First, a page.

The answer is…well, maybe. Ambulance coverage is a confusing topic because it varies across Australia. Sometimes you’ll have to pay the ambulance ride. Sometimes you won’t. Let’s look at the issue on a state by state basis.
In Victoria, ambulance coverage is only free for pensioners or low-income earners. For everyone else with Medicare or private health insurance, you’ll need to pay for the ambulance ride. Unless of course, you pay a membership fee to Ambulance Victoria.
New South Wales
Sorry to say, you have to pay. Ambulance providers in NSW make you pay per call plus a per-kilometer charge. In some cases, the government partially subsidises the cost. But the best solution is to add on ambulance coverage to your Medicare or private health insurance.
Medicare doesn’t provide ambulance coverage. However, several states do subsidise this. Queensland being one of them. But only if you’re a resident and it’s a real emergency. This means you can’t ride in the ambulance when you could drive yourself. Queensland doesn’t always cover ambulance coverage for residents injured outside of Queensland.
Ambulance cover is essential for Western Australia residents. Fees for ambulance rides range from several hundred to a thousand dollars. The only exception is pensioners. Pensioners receive a free service in most cases.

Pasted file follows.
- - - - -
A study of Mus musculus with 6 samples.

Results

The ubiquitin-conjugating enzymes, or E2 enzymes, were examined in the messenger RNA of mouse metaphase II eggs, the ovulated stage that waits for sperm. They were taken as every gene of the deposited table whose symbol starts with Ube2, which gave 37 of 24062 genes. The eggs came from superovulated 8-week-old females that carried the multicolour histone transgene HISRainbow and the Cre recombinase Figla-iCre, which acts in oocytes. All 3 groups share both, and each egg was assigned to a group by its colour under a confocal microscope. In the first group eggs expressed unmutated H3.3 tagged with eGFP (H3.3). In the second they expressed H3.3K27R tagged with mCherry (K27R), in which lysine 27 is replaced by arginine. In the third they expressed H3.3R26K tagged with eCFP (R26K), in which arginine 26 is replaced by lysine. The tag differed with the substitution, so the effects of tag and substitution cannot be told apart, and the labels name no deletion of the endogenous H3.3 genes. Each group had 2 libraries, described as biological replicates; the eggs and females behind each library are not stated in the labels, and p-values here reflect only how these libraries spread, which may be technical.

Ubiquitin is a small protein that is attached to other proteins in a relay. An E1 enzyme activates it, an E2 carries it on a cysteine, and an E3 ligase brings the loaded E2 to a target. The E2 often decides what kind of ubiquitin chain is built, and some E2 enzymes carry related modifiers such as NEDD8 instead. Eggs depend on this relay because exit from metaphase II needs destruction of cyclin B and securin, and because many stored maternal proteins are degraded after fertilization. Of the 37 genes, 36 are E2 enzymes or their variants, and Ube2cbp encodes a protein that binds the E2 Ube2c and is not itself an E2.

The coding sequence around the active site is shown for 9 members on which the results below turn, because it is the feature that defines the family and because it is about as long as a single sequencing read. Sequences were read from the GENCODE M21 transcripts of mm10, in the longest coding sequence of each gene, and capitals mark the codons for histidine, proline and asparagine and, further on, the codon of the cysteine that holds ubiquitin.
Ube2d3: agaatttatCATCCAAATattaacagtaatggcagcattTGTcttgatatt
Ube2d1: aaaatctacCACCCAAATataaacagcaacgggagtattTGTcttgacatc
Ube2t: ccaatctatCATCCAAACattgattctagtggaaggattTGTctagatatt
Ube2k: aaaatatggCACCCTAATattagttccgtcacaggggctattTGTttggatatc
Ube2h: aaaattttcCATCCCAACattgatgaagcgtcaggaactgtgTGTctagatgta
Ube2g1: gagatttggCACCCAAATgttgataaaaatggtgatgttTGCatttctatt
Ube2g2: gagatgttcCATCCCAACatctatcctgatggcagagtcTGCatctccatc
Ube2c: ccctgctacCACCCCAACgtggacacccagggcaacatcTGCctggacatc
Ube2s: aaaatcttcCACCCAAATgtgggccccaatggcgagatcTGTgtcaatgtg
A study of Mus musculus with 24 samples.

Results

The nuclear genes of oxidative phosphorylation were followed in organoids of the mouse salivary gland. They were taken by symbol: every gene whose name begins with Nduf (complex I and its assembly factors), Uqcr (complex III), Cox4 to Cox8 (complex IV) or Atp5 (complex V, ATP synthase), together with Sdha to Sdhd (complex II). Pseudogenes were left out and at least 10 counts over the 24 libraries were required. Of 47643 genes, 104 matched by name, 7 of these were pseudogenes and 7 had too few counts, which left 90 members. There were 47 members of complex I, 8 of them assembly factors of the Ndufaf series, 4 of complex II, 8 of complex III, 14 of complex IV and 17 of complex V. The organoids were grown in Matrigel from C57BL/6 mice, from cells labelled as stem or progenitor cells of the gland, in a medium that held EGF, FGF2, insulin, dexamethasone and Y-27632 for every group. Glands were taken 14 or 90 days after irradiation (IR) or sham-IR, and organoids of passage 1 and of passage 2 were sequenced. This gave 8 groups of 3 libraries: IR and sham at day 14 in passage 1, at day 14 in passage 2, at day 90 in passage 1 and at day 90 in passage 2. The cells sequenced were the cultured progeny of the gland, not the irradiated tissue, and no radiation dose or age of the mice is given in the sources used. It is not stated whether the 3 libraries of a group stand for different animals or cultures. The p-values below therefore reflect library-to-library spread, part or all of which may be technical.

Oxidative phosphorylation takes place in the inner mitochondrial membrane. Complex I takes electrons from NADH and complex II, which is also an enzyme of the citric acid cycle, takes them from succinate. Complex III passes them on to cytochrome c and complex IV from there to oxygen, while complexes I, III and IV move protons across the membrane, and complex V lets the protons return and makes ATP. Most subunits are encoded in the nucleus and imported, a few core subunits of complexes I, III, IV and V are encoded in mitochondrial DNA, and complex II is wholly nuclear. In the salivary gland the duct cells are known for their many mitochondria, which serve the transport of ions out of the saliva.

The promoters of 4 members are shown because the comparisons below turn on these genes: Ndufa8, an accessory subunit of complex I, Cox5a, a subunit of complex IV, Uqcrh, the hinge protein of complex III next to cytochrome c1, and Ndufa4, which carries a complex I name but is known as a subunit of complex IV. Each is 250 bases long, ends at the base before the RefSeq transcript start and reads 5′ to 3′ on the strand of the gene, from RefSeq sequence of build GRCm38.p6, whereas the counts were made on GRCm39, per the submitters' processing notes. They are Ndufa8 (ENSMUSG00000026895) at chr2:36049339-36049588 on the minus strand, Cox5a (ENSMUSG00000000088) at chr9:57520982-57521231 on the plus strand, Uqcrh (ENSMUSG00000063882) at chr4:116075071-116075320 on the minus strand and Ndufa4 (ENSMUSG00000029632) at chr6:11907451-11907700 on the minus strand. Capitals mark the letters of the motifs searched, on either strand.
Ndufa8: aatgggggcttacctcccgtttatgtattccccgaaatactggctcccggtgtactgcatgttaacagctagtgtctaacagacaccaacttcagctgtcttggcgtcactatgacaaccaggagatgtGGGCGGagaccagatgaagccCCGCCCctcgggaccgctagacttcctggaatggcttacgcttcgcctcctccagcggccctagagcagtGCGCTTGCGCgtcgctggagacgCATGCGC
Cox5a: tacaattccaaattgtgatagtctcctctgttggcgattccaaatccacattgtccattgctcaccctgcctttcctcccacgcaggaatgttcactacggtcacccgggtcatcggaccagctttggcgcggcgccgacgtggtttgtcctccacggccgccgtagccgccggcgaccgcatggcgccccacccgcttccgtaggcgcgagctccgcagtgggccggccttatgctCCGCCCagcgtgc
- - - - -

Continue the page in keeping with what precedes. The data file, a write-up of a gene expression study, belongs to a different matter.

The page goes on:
South Australia charges quite a bit for ambulance transport. Call out fees can hit a thousand dollars. The per kilometer fee is on top of that. You can reduce these fees if you pay the membership fee for the South Australia Ambulance service.
Northern Territory charge both a per-kilometer fee and call out fee. If you’re a member of an ambulance fund or have private health coverage, you don’t have to pay for the ambulance ride. Depending on the ambulance subscription you have, they may provide free emergency transport in any part of Australia.
Tasmania is the other state where free emergency ambulance services are provided to residents. Note that this is limited to Tasmanians and emergencies, so a friend visiting from Victoria will have to pay for their ambulance ride. Tasmania don’t have cost-sharing agreements with every state, which means they won’t necessarily pay for a Tasmanian resident’s ambulance ride when injured in another part of the country.
Australian Capital Territory
If you live in the ACT, you’ll generally be hit with a call out fee up to a thousand dollars. Pensioners are eligible for free ambulance transportation. Low income earners are generally waived too.